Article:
Social media is a wonderful tool, but it can be deceptive. Similar to a resume, our Facebook, Instagram, and Twitter feeds are filled with highlights and successes. These digital spaces are carefully curated galleries of professional life with accolades and opportunities, motherhood with well mannered, active and cute as a button children, marriage with regularly scheduled date nights and picture perfect smiles, and home life with delicious and Epicurus worthy plates fixed after a full day of work. What we don’t often see in these spaces are our perceived failures, all the moments when we raise our voices at our children because they are acting a fool, disagreements with our spouses, the fourth night in a row of eating pizza for dinner in a week and more.
I often laugh when I see people and they mention my wonderfully put together life especially since I am always tired/fatigued/exhausted and some days struggle to keep it all together. They’ve subscribed to my carefully curated life so what else would they think? Truth be told, I realized that I had gotten to a place where I had subscribed to my carefully curated life leaving little room for mistakes.
Yesterday was such a day. It was the rehearsal for the girls’ dance recital this weekend. I planned well. On Sunday night I washed and blow dried their long, thick hair so I’d be ready to quickly make their ballerina buns. I picked them up early from school to avoid traffic and even packed snacks. We arrived to the campus early and got a prime parking spot. Without feeling rushed, I removed the bags I packed that contained everything we needed. So I thought. (At this point, all of this is adding to my mom-of-the-year award.) As I removed their school clothes and put their shiny, sparkly costumes on in the bathroom I realized I forgot to pack their shoes. THE SHOES!!! And then I became the mom who forgot tap and jazz shoes to dance recital rehearsal. Really, how can you dance without dancing shoes?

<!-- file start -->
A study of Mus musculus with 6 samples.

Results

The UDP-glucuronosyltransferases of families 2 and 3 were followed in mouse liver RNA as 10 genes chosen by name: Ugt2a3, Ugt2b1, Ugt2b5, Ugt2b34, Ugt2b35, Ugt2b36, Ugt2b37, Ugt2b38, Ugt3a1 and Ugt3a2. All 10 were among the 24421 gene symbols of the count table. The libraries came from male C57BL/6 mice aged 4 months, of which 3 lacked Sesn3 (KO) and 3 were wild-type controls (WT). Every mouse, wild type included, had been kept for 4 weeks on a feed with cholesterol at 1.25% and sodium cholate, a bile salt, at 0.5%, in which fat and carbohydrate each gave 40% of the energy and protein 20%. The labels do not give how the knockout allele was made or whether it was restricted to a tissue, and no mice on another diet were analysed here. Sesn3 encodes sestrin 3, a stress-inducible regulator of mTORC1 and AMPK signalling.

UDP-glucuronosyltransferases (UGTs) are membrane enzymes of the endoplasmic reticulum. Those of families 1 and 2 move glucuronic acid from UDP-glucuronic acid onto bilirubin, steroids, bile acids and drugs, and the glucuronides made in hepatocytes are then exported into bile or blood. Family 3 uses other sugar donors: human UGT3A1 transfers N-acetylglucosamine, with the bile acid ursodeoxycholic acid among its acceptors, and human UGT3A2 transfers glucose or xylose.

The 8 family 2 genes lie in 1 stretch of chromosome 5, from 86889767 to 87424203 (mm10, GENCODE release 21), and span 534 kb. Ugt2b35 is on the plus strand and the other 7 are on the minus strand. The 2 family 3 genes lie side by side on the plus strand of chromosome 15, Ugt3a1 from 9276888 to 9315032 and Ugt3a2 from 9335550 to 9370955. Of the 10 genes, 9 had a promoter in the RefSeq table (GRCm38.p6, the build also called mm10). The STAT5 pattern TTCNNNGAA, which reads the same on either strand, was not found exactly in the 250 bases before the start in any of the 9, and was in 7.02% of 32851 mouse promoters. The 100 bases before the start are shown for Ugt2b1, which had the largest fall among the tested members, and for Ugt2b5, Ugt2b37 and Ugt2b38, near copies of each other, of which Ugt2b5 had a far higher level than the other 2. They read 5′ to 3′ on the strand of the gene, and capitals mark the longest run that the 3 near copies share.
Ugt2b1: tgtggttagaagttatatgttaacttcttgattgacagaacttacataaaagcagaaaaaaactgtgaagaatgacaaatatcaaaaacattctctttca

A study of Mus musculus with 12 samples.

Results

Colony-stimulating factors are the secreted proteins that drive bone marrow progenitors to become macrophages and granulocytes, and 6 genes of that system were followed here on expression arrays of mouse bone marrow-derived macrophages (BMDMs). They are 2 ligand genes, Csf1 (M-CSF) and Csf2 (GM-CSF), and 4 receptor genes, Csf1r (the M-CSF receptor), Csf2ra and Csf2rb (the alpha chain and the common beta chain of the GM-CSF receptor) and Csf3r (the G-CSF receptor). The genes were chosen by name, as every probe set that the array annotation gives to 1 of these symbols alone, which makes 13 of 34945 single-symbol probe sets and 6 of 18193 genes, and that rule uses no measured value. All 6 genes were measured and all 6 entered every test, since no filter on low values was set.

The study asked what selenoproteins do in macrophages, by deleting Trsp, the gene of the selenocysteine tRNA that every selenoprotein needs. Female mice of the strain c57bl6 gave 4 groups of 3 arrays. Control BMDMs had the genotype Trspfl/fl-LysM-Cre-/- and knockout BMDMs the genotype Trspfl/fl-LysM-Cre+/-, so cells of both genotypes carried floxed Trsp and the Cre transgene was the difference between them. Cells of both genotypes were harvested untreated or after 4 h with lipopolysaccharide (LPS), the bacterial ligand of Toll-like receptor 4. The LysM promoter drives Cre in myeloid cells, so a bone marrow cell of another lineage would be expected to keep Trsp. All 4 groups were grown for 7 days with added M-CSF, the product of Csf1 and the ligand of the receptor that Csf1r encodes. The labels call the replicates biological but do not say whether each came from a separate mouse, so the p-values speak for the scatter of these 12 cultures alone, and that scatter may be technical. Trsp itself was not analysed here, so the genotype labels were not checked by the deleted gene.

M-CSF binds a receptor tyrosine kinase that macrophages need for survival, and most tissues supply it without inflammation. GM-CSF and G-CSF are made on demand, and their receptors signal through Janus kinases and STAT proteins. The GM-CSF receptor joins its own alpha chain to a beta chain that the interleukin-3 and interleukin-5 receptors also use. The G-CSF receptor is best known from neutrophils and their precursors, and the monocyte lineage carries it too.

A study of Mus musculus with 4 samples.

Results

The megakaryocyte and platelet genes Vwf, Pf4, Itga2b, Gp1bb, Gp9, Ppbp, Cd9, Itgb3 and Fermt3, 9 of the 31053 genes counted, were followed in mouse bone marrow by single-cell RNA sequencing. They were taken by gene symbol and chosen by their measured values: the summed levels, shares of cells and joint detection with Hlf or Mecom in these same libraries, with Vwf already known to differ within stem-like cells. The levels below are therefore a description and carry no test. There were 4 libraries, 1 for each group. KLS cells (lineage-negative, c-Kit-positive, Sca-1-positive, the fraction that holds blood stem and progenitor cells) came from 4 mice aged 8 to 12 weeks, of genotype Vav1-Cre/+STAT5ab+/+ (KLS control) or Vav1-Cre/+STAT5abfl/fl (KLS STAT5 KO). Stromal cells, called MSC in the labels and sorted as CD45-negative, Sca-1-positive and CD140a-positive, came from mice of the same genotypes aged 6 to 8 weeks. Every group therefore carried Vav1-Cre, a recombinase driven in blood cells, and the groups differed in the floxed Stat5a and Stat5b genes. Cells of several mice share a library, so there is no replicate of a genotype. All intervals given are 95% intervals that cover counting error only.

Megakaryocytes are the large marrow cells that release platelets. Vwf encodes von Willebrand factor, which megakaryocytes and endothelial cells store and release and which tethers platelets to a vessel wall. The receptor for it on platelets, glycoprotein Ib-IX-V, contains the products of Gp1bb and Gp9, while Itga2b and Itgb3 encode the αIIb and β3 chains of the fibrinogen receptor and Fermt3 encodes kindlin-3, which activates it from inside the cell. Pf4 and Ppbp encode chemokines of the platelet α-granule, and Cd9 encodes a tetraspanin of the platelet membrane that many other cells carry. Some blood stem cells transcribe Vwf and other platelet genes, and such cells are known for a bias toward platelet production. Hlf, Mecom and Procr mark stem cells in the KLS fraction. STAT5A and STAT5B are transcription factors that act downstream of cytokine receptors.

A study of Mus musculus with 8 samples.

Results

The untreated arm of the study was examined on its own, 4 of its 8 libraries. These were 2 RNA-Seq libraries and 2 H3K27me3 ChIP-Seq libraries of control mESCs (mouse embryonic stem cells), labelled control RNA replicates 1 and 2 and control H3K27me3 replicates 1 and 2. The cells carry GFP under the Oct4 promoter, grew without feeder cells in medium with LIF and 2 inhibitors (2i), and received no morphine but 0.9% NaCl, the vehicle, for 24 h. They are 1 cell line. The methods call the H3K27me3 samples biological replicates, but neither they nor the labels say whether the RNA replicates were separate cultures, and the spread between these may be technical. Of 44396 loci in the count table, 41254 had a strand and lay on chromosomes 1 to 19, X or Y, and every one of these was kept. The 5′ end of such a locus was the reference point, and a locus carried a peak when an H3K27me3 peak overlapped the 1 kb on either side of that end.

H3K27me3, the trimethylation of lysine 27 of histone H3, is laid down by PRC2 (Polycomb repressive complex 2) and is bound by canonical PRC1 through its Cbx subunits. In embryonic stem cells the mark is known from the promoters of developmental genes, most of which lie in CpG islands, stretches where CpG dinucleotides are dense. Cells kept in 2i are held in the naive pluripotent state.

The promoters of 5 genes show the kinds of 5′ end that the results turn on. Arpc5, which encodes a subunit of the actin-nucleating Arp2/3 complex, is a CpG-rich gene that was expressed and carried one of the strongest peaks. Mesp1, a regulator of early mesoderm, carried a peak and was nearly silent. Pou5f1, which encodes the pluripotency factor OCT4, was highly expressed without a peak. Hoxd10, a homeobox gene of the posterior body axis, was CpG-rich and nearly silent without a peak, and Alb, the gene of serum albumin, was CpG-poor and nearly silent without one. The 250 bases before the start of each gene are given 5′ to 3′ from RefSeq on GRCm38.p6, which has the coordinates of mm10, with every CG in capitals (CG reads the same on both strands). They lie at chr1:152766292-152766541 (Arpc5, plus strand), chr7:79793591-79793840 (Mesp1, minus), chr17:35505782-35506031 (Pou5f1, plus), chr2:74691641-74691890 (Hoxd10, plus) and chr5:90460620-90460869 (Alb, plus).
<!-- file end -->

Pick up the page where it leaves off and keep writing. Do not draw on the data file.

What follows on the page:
The next two hours was filled with me being so embarrassed that I forgot something so essential, explaining the shoe situation more times than I can count, being chided by my Big Girl because she had to wear sneakers on stage for rehearsal, and thanking God because a friend had an extra pair of tap shoes for Baby Girl to wear. But you know what? Once I separated my actual life from my own well put together timeline, I was free. Life itself is not carefully curated. It is messy and complicated with moments that don’t make the highlight reel, but those moments don’t take away from how fierce, dope, and wonderful we are. Besides, taking barefoot dance photos and dancing in sneakers isn’t the end of the world!